Federal Agencies Commit to Streamlining Environmental Reviews for Major Infrastructure Projects

On April 9, 2018, the heads of 12 federal agencies signed a memorandum of understanding (“MOU”) that aims to streamline and shorten federal environmental and permitting reviews for major infrastructure projects.  The MOU implements President Trump’s One Federal Decision (“OFD”) policy established in Executive Order 13807 (“EO 13807”), signed on August 15, 2017 and described further here.  Agency signatories to the MOU include, among others, the U.S. Environmental Protection Agency; the U.S. Army Corps of Engineers; and the Departments of Interior, Agriculture, Commerce, Transportation, and Energy.

EO 13807 defines “major infrastructure project” as “an infrastructure project for which [1] multiple authorizations by Federal agencies will be required to proceed with construction, [2] the lead Federal agency has determined that it will prepare an environmental impact statement (“EIS”) under the National Environmental Policy Act (“NEPA”), 42 U.S.C. 4321 et seq., and [3] the project sponsor has identified the reasonable availability of funds sufficient to complete the project.”  The lead agency for purposes of the environmental review, as determined in accordance with the Council for Environmental Quality’s regulations implementing NEPA at 40 C.F.R. 1501.5 and 1501.6, will decide whether a project constitutes a “major infrastructure project.”  If so, the MOU and EO 13807 will guide the environmental and permitting review for the project.

To achieve the goal of streamlining environmental and permitting reviews, the MOU signatories have agreed to develop policies and implement best practices to ensure the use and efficient implementation of the OFD, as well as to communicate with one another and project sponsors in a regular and structured manner.  Most significantly, the MOU commits the agencies to (1) “undertake” to meet the two-year federal review timeframe established in EO 13807; (2) collaborate with the lead agency to prepare a “Permitting Timetable” that identifies the environmental review and permitting milestones and actions to meet the two-year goal (and to make the Permitting Timetable available to the public via the online Federal Permitting Dashboard); and (3) make their permitting decisions and carry out whatever environmental review obligations they may have concurrently and in conjunction with the lead agency’s NEPA review.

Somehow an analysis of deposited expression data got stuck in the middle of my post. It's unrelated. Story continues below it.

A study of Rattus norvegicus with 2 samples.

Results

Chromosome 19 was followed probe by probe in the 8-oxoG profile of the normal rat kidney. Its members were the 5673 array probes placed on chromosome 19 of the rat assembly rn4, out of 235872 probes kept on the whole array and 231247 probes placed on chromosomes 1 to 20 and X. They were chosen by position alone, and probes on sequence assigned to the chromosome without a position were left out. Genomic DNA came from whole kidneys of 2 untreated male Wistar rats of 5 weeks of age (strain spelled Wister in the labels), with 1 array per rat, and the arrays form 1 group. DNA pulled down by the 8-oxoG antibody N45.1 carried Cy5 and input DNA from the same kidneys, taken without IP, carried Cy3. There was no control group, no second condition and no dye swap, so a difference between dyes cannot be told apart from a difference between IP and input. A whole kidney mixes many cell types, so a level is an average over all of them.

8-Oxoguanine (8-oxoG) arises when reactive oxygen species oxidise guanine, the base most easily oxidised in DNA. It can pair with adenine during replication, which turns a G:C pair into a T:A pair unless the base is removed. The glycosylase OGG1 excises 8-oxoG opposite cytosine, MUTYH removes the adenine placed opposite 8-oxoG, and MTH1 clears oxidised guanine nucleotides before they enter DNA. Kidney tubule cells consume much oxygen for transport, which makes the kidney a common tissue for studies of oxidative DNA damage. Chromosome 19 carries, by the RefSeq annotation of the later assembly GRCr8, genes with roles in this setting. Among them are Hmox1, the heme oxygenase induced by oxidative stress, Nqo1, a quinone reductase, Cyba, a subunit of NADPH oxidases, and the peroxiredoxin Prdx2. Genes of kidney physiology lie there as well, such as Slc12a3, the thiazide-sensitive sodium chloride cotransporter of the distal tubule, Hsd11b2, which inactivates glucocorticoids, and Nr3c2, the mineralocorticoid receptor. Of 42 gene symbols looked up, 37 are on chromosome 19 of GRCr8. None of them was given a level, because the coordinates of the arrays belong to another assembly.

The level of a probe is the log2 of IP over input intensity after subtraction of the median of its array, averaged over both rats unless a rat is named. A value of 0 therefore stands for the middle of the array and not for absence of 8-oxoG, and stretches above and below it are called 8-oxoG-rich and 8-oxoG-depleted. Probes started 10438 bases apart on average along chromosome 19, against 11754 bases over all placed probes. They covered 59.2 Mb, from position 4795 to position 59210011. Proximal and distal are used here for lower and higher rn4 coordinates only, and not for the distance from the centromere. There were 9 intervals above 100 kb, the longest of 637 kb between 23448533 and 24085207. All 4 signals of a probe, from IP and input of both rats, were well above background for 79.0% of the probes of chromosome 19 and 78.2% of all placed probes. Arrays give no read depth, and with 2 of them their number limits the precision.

Within the two-year timeline, the lead agency (in consultation with cooperating agencies) must publish a Notice of Intent (“NOI”) to prepare an EIS, conduct the environmental review, prepare a single EIS, issue a single Record of Decision (“ROD”), and undertake any other work identified in the Permitting Timetable.  Cooperating agencies must undertake their permitting reviews concurrently.  To the maximum extent practicable and permitted by law, the cooperating agencies must comply with the Permitting Timetable.  Within 90 days of the ROD, agencies must issue all necessary permitting decisions.

To encourage agencies to abide by Permitting Timetables and the two-year goal, EO 13807 requires the White House Office of Management and Budget (“OMB”) to track agency performance.  OMB will score agencies and take the scores into account when formulating the budget that it recommends to Congress. EO 13807 grants OMB the discretion to impose financial penalties on agencies that fail to adhere to the Permitting Timetable.

The general goal of EO 13807 and the MOU to make federal environmental and permitting reviews more efficient follows on the objectives and framework established in President Obama’s 2012 Executive Order 13604 (and implementing plan) and the 2015 Fixing America’s Surface Transportation Act, which applied to major federal projects in a variety of sectors, from transportation to broadband, manufacturing, and energy production.  However, the Obama-era efforts did not establish a timeframe like the Trump Administration’s two-year goal, and while President Obama tasked OMB with overseeing implementation of EO 13604, the agency did not have the power it does under EO 13807 and the MOU.  Therefore, it remains to be seen whether the MOU will make a noticeable change in inter-agency cooperation and planning, or result in uniform achievement of project review processes of two years or less.

For more information on EO 13807, the MOU, and the federal environmental review process generally, contact Mark A. Chertok, Elizabeth Knauer, Sahana Rao, or Alexis Saba.